4 Tests to Ensure You Have a Great MelodySep 04, 2021
You know what isn’t fun? Someone testing you.
But melodies don’t have feelings, so we don’t have to worry about testing them.
That and these tests are very simple and yet unendingly helpful in determining if you have a great melody.
Candle Test / Acapella Test
Have you ever seen a crowd pull out their phones and wave them back and forth to a moving song?
The answer to that is probably yes. If it’s no, you probably should get out more. If you’re afraid of mosh pits, I get it. But there are a lot of other seats available. And a lot of other types of concerts to go to.
For this test, we are basically asking, “If I sang this acappella, would the crowd sing along?”
Maybe it isn’t the kind of song that evokes candles. Is it something the crowd would shout along with? Will they dance and sing along? The point here isn’t necessarily the candles as much as a melody you can envision the crowd recognizing and being like “YES, LET’S SING!”
If you’re performing live and have enough fans at your shows to test this out, go for it. If not, you’ll have to sing it to yourself. And then you have to be honest with yourself, no A’s for effort.
What we’re really trying to test here is that the melody really sells the emotion of the song.
This is named after themes and motifs in soundtracks.
The Imperial March (aka Darth Vader’s theme) doesn’t need a lyric to tell you what it’s all about. You know evil is marching on and it’s coming for Luke & Friends. Meanwhile, the force theme evokes feelings of mystery, power, and good.
Another example is the Ring Theme from Lord of the Rings. It has such a mysterious, evil, and yet seductive quality to it. When it plays, it evokes a desire to know more and yet dread at the same time.
None of these soundtrack themes need lyrics to give you an emotional response. Most of them can do it simply with a basic melody.
We want our melodies to be the same. We can test this by abandoning everything but the melody and putting it to the test. If you play just the melody on the piano, guitar, cello, flute, or even just hum it, does it still evoke the feeling of the song?
If the song is about an aching loneliness, does the melody on the flute or cello evoke that same emotion?
If the song is about rising triumphant, does the melody line on the piano evoke that same emotion?
This test is to make sure your melody evokes the right emotion, even without lyrics. Combining this with the Candle Test can be a powerful combination to make sure your melody is absolutely bursting with the right emotion for your song.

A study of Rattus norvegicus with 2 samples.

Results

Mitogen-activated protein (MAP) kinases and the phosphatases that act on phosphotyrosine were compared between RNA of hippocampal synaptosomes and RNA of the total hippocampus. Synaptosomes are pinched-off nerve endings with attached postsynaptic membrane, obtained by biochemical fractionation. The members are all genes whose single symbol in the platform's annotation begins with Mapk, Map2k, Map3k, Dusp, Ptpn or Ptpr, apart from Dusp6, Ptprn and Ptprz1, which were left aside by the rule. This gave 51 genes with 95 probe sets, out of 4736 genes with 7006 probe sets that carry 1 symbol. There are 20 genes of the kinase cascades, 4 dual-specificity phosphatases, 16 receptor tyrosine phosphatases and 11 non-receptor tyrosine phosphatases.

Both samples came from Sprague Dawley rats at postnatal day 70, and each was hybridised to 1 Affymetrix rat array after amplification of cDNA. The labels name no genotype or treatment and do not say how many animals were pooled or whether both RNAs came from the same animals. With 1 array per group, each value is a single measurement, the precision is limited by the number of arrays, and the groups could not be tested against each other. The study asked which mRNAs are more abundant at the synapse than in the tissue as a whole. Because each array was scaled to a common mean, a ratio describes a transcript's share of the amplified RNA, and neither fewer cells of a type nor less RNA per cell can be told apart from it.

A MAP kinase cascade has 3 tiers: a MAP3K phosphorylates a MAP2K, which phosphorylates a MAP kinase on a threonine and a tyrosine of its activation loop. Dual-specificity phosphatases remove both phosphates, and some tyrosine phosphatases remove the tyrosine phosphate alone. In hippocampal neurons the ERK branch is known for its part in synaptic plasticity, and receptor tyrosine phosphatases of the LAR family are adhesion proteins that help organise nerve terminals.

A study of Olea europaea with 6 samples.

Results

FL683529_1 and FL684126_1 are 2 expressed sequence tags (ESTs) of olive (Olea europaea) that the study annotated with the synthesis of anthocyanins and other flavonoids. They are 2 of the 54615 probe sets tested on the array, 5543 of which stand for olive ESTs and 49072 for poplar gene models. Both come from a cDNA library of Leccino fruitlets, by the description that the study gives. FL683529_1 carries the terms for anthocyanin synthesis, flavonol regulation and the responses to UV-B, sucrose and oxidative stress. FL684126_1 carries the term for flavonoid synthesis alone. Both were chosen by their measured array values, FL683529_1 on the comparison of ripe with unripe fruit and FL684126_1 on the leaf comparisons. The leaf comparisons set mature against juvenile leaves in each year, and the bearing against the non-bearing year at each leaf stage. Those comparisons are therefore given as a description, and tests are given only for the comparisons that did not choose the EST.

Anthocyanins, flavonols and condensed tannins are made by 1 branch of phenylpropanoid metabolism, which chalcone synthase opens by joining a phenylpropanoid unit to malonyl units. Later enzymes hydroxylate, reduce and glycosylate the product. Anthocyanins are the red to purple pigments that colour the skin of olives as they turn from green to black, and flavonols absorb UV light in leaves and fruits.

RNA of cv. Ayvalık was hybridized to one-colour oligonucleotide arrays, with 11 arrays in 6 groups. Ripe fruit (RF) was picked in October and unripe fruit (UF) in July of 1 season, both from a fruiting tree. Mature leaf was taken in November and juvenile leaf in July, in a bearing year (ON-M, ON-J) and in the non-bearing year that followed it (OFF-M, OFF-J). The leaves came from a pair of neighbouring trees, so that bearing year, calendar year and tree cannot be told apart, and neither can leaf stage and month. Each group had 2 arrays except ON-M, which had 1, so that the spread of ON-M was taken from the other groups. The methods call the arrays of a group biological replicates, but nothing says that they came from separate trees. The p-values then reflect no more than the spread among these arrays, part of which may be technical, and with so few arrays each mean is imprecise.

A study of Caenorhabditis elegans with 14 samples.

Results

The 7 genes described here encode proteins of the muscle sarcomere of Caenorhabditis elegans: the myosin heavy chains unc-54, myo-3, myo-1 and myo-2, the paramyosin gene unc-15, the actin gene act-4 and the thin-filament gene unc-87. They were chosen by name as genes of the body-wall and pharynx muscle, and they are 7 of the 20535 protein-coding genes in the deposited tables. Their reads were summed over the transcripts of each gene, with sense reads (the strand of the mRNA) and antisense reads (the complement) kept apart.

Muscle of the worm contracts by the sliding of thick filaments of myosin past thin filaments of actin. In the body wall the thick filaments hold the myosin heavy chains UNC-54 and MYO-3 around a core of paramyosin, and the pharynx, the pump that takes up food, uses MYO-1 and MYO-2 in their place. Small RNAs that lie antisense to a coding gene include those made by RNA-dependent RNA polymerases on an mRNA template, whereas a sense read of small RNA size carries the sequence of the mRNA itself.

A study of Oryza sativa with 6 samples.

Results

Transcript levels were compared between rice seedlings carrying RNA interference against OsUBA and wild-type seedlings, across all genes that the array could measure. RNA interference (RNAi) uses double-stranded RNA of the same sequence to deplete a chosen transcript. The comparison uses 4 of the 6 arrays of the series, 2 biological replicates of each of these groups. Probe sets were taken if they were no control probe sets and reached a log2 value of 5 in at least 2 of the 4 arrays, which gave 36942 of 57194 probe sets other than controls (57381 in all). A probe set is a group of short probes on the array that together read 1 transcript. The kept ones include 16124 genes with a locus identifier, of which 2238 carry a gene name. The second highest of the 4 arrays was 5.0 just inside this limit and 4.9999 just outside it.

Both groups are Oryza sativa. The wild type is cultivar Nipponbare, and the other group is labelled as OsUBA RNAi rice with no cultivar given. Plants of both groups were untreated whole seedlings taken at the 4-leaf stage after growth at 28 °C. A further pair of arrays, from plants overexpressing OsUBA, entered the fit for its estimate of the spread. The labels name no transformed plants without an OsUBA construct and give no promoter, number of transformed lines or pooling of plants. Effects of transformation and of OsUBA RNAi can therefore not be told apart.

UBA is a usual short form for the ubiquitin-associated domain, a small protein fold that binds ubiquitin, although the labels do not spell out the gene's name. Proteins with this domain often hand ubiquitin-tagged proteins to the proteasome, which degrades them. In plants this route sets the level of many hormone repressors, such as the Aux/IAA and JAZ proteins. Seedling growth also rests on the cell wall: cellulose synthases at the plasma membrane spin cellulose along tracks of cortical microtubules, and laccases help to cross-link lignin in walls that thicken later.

Car Duet Test / Conversation Test
Have you ever seen a movie scene where the driver will sing a line from a song and then the passenger pipes in for the next line and it keeps going back and forth?
You always can tell when it will be one person’s line and when it will switch to the next. Why is this? Because of the basic musical concept of call and answer.
Almost every bit of western music is a series of calls and answers.
Line 1 – Call
Line 2 – Answer
Line 3 – Call
Line 4 – Answer
You see that over and over and over again in western music. So much so that you probably could put every single song you’ve ever heard into two columns of call and answer.
An easy way to test this is visualizing when the driver (call) and passenger (answer) would each sing.
Another effective way to ensure you have a clear call and answer would be creating a document that has “call” on one side and “answer” on the other. From there you can make sure you have a repetition of calls followed by answers.
Have you ever seen one of these?
They basically show elevation over distance. It shows the highs and lows you reached while on a run or bike ride.
Drawing one for your melodic energy or excitement can also be very helpful.
All you need to do is pull out a pen and paper and sing your melody or listen to a recording of your song.
Then draw a chart, constantly moving right and going up and down with rises and falls in melodic energy.
You could measure by the overall energy of the vocal or of the vocal range.
Either one should give you some information that you’re looking for. You want to know that the energy and excitement of the vocal has some variation. You probably don’t want the whole song to have the same vocal excitement, because then it all just becomes the same.
You don’t feel the highs as much if there aren’t any lows.
I’m not saying that some parts should be boring, just that keeping the same level of energy in the vocal will make it all seem the same. Bringing it down for a pensive sound or rising high to show a flash of emotion helps to move the song forward and keep interest in the vocal. If the whole vocal is high, the high notes become less noteworthy really fast.